The S&P/ASX 200 Index (ASX: XJO) dropped more than 1% today to 6,024 points.
Aside from the ongoing spread of COVID-19 around the world, the eye-for-an-eye ordering of consulate closures between the US and China is causing concern.
Here are some of the main headlines from today:
Insurance Australia Group Ltd (ASX: IAG) cancels its final dividend
IAG has announced today that it won’t pay a final dividend to shareholders. Its interim dividend of 10 cents per share paid earlier in the year already accounts for its policy of a dividend payout of 60% to 80% of annual cash earnings.
The insurance giant announced a few elements expected in its FY20 result.
The ASX 200 share expects to report that it achieved gross written premium (GWP) growth of around 1%. Management said this was consistent with its ‘low single digit’ guidance that it maintained throughout FY20.
It achieved an insurance margin of approximately 10%, with the shortfall against prior guidance of 12.5% to 14.5% largely driven by adverse natural perils, prior period reserving and credit spread factors.
IAG managing director Peter Harmer said: “We have experienced an immensely challenging second half to the 2020 financial year, characterised by severe natural peril activity, the disruption caused by the COVID-19 pandemic to our people, customers and suppliers, and the marked volatility in investment markets which has adversely impacted our results.
“We have seen some softening in our underlying margin in the second half. This stems from the combination of lower investment returns from diminishing interest rates, an increased reinsurance expense as we bolstered our protection following heavy perils incidence early in the calendar year, and some deterioration in Australian long tail loss ratios.”
The IAG share price fell around 7.5% today.
Big decline in property value for Vicinity Centres (ASX: VCX)
One of the ASX’s biggest property groups announced its portfolio valuation update today.
At 30 June 2020, Vicinity said its portfolio was worth 11.3% less compared to six months ago. In dollar terms, it amounted to a $1.79 billion fall in the valuation.
Independent valuers addressed market conditions by closely looking at underlying cashflows of the ASX 200 property business. They also considered the significant increasing of short to medium term allowance such as vacancy, downtime, leasing capital and lowering expectations for sales and market rental growth.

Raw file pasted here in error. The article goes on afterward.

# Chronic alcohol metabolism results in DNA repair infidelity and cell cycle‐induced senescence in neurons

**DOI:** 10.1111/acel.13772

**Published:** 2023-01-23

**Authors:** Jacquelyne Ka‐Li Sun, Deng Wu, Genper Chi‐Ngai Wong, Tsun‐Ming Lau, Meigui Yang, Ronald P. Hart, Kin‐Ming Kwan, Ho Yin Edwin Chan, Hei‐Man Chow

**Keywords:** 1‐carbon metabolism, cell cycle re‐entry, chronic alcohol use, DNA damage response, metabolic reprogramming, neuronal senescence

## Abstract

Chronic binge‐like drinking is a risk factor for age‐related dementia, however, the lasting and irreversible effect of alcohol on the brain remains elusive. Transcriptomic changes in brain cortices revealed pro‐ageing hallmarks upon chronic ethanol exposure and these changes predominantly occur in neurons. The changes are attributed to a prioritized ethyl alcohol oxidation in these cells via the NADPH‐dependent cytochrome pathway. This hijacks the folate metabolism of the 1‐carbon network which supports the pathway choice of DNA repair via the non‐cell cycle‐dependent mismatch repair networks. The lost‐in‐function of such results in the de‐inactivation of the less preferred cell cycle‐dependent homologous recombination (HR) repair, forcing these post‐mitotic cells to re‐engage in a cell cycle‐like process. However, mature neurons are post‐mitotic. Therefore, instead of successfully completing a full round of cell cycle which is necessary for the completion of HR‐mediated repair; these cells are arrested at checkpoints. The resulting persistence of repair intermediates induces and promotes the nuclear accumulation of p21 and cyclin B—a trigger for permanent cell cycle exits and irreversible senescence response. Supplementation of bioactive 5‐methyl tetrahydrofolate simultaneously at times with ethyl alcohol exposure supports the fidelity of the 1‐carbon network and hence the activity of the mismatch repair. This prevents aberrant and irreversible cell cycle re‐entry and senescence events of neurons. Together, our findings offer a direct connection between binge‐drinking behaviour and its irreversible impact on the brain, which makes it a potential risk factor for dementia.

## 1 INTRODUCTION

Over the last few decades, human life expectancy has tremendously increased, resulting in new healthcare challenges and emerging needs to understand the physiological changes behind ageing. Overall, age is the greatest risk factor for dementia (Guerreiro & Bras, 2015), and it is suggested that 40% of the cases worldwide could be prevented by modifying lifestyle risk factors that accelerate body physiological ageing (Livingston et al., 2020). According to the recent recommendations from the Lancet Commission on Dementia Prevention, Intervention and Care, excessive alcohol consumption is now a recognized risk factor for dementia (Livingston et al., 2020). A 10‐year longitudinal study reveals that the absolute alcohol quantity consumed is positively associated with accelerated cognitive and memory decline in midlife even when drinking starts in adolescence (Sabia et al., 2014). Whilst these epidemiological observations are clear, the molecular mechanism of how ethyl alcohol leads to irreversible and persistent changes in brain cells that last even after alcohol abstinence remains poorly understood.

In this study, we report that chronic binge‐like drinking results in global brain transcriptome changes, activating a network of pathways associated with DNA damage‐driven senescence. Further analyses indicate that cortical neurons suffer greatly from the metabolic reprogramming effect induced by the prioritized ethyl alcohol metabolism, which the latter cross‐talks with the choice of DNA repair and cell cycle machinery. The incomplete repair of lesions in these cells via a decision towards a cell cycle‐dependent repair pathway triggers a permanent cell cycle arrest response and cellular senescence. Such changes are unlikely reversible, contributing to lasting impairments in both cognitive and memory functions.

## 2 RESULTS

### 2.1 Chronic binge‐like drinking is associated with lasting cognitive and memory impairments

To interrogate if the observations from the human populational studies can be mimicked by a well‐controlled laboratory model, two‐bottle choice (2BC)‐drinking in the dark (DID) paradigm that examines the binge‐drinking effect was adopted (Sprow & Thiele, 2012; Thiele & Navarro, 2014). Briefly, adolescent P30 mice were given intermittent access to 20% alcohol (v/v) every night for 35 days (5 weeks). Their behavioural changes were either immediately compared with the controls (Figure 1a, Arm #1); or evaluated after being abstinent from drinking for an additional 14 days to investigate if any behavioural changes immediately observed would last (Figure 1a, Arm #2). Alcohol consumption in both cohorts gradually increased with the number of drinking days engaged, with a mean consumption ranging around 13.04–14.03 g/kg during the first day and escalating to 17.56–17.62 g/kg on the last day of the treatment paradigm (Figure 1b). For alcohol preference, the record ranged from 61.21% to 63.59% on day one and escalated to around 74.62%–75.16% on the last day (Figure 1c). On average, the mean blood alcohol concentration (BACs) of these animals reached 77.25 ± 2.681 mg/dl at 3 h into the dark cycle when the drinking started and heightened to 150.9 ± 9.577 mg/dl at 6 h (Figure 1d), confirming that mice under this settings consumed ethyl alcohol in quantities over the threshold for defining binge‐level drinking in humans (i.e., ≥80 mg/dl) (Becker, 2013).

Whilst the overall portfolio fell by 11.3% in value, the flagship portfolio – consisting of Chadstone, premium CBD locations and DFO outlet centres – only saw a net valuation loss of 8.8%.
Vicinity Centre managing director and CEO Grant Kelley said: “Aside from Victoria which has had an increase in COVID-19 cases and recently reinstated stage 3 restrictions across metropolitan Melbourne, conditions across other Australian states continue to improve. For many of our centres, particularly those that are less reliant on office workers or tourists, customer visitation has returned to, or is close to, pre COVID-19 levels. Customer visitation across our portfolio is 68% of the prior year level, with 83% of stores trading. Excluding Victoria, portfolio customer visitation increase to 80%, with 95% of stores trading.”
Mr Kelley went on to say that further retail activity reduction could lead to lower valuations for its assets.
The Vicinity share price fell 2.5% today.
More COVID-19 provisions for Bank of Queensland Limited (ASX: BOQ)
BOQ saw its share price drop almost 4% after announcing its quarterly APRA update for the period ending 31 May 2020.
The ASX 200 regional bank said there was a $112 million increase in the loans that are 90+ days past due. That includes $58 million of customer loans where banking relief package applications have been processed subsequent to 31 May 2020. The rest relates to customers who didn’t elect to enter into a relief package or were ineligible.
The bank also said it has taken a further collective provision of $61 million during the third quarter of its FY20, bringing the total COVID-19 related collective provision to $71 million, the top end of its range.